Giving investors confidence in project reporting when mineral market turns
24 October 2016 – Johannesburg: High levels of investor trust in the resource and reserve figures and value forecasts for exploration and pre-development mining projects will underpin the mining sector’s return to health when commodity prices improve, according to SRK Consulting’s Mark Noppe, a corporate consultant in the Brisbane, Australia office.
Speaking at SRK’s 3600 Mining Perspectives seminar in Johannesburg last month, Noppe said some mining project promoters have been known to jump the gun when providing forward looking statements and valuing deposits for finance-raising purposes, despite the detailed frameworks and codes governing the reporting of mineral project estimates.
In one incident, an iron ore project in the Pilbara region of Western Australia reported the results of a ‘definitive feasibility study’ with estimated net present values and projected annual earnings based prematurely on an early-stage resource estimate; the statement was later retracted.
“There is a need for increased disclosure on the confidence that investors and other stakeholders can place in published exploration, resource and forecast planning data,” he said. “They need to understand what is meant by confidence and accuracy levels in the context of a project’s development stages over a particular scale or period of time.”
Setting out a ‘relative confidence framework’ on which stakeholders could plot a mineral project at any point in time, Noppe characterised the context of the forecasts from early exploration phases as essentially ‘aspirational’ – comprising pre-discovery work and mineral delineation from advanced exploration activities.
Confidence levels rise when a deposit advances to the subsequent, ‘conceptual’ level during which the resource is defined and approximate mining parameters considered, generally through the completion of a scoping study.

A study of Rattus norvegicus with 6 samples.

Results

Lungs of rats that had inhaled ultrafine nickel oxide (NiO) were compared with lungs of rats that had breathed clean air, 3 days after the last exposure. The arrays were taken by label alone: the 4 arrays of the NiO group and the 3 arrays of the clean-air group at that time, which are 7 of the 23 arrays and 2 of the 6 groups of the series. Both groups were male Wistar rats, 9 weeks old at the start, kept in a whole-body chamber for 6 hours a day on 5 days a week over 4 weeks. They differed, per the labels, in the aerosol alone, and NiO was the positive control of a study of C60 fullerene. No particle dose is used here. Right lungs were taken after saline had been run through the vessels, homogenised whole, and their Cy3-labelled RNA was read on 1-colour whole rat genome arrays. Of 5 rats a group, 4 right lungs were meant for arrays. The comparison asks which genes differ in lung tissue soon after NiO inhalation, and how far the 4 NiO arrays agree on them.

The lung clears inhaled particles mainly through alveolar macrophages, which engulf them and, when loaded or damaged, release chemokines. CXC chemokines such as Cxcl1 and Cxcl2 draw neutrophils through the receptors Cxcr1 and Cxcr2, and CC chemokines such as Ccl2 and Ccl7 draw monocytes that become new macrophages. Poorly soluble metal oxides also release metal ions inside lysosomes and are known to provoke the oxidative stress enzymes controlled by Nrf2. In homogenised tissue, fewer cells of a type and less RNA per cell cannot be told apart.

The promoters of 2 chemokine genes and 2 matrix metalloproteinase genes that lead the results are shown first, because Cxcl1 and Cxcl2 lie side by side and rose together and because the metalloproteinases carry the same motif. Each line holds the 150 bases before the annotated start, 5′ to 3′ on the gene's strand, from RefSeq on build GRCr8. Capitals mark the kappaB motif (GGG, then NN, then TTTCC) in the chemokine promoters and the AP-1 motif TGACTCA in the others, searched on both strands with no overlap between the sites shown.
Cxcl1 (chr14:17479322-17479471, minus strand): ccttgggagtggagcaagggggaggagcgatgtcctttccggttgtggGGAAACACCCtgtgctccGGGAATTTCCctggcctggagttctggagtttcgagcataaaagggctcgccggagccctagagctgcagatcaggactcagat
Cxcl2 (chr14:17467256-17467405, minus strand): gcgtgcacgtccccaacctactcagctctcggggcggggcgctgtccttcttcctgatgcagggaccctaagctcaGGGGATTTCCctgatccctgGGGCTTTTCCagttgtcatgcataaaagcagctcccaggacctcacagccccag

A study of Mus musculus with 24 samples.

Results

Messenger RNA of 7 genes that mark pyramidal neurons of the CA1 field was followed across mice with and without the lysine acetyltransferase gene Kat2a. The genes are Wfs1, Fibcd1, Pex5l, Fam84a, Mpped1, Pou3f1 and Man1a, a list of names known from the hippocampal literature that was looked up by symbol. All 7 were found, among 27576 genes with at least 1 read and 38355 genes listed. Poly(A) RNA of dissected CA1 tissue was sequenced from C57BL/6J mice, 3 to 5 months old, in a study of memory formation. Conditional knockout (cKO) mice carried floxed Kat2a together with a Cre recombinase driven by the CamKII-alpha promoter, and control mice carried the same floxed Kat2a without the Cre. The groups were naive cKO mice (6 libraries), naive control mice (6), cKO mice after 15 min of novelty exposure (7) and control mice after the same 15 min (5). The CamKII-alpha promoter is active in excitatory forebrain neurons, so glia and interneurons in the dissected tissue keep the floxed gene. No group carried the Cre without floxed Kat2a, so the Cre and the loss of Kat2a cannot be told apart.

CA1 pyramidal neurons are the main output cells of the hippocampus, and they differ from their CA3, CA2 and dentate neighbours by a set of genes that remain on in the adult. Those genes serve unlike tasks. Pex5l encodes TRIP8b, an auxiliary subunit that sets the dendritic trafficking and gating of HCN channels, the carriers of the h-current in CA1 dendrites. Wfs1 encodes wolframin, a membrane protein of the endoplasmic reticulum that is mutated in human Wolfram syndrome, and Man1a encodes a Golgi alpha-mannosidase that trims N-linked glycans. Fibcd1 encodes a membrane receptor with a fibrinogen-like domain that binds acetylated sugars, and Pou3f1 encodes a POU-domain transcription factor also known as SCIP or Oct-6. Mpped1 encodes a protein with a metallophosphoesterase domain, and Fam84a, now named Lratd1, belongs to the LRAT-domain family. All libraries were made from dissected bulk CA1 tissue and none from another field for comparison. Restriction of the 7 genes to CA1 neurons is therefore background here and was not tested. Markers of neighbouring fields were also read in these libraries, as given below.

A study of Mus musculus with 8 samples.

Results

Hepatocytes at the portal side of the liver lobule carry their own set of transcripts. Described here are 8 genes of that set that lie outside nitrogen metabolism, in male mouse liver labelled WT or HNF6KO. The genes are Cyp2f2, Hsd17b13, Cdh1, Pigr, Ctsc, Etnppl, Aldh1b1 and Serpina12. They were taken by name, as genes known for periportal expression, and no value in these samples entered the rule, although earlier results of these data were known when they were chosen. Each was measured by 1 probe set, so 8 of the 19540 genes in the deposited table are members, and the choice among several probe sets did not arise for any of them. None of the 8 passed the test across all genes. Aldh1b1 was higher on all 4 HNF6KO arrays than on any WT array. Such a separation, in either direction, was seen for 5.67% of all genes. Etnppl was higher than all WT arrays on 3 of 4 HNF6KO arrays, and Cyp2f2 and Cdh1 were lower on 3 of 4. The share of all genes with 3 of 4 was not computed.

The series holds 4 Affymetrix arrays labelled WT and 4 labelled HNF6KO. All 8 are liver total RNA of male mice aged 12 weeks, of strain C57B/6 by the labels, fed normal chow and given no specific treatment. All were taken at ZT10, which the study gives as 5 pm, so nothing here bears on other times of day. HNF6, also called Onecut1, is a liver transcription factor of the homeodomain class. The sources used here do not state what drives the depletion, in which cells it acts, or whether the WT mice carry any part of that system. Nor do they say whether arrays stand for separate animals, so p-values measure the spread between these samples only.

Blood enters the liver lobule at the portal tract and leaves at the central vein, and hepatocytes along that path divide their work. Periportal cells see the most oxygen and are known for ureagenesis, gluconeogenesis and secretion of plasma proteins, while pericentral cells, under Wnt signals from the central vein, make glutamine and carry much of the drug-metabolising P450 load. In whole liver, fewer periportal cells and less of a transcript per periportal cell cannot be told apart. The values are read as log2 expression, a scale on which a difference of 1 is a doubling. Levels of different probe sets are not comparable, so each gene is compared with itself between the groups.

“In this stage,” he said, “resource results are classified first as inferred and then as indicated and measured, allowing production targets to be reported – providing the assumptions are considered reasonable.”
Only then – in a third phase supported by substantive data – can developers embark upon pre-feasibility, feasibility, and final engineering design and studies; during this phase, ore reserves are defined and development options are considered and chosen based on project estimates that have reasonable grounds to support project forecasts.
“The framework is a useful short-hand for project watchers to check the public assertions that companies make about aspects like resources, reserves and project values, against the actual progress made in the project development cycle,” said Noppe. “Claims about ore reserves, for instance, are conditional on the economics of the project, so they cannot be made or implied when a developer is still essentially at the stage of a scoping study.”
He highlighted that accurate, quality technical and economic studies of all relevant modifying factors were required to convert a project’s mineral resources to ore reserves, and likened the confidence in these inputs to the strength in the links of a chain.
“It is vital that the full range of modifying factors is applied to the indicated and measured mineral resource, and that there is a high level of confidence in the way these modifying factors have been identified and assessed,” he said. “Only on the strength of the resulting ore reserve figures, can the project demonstrate a technically achievable and economically viable mine plan and schedule.”
Modifying factors are not limited to technical issues such as cut-off parameters, infrastructure and mining and metallurgical assumptions, he said, but extend to questions of environmental and social impact, assessment of markets, future revenue factors, naturally-occurring risks, legal agreements and government approvals.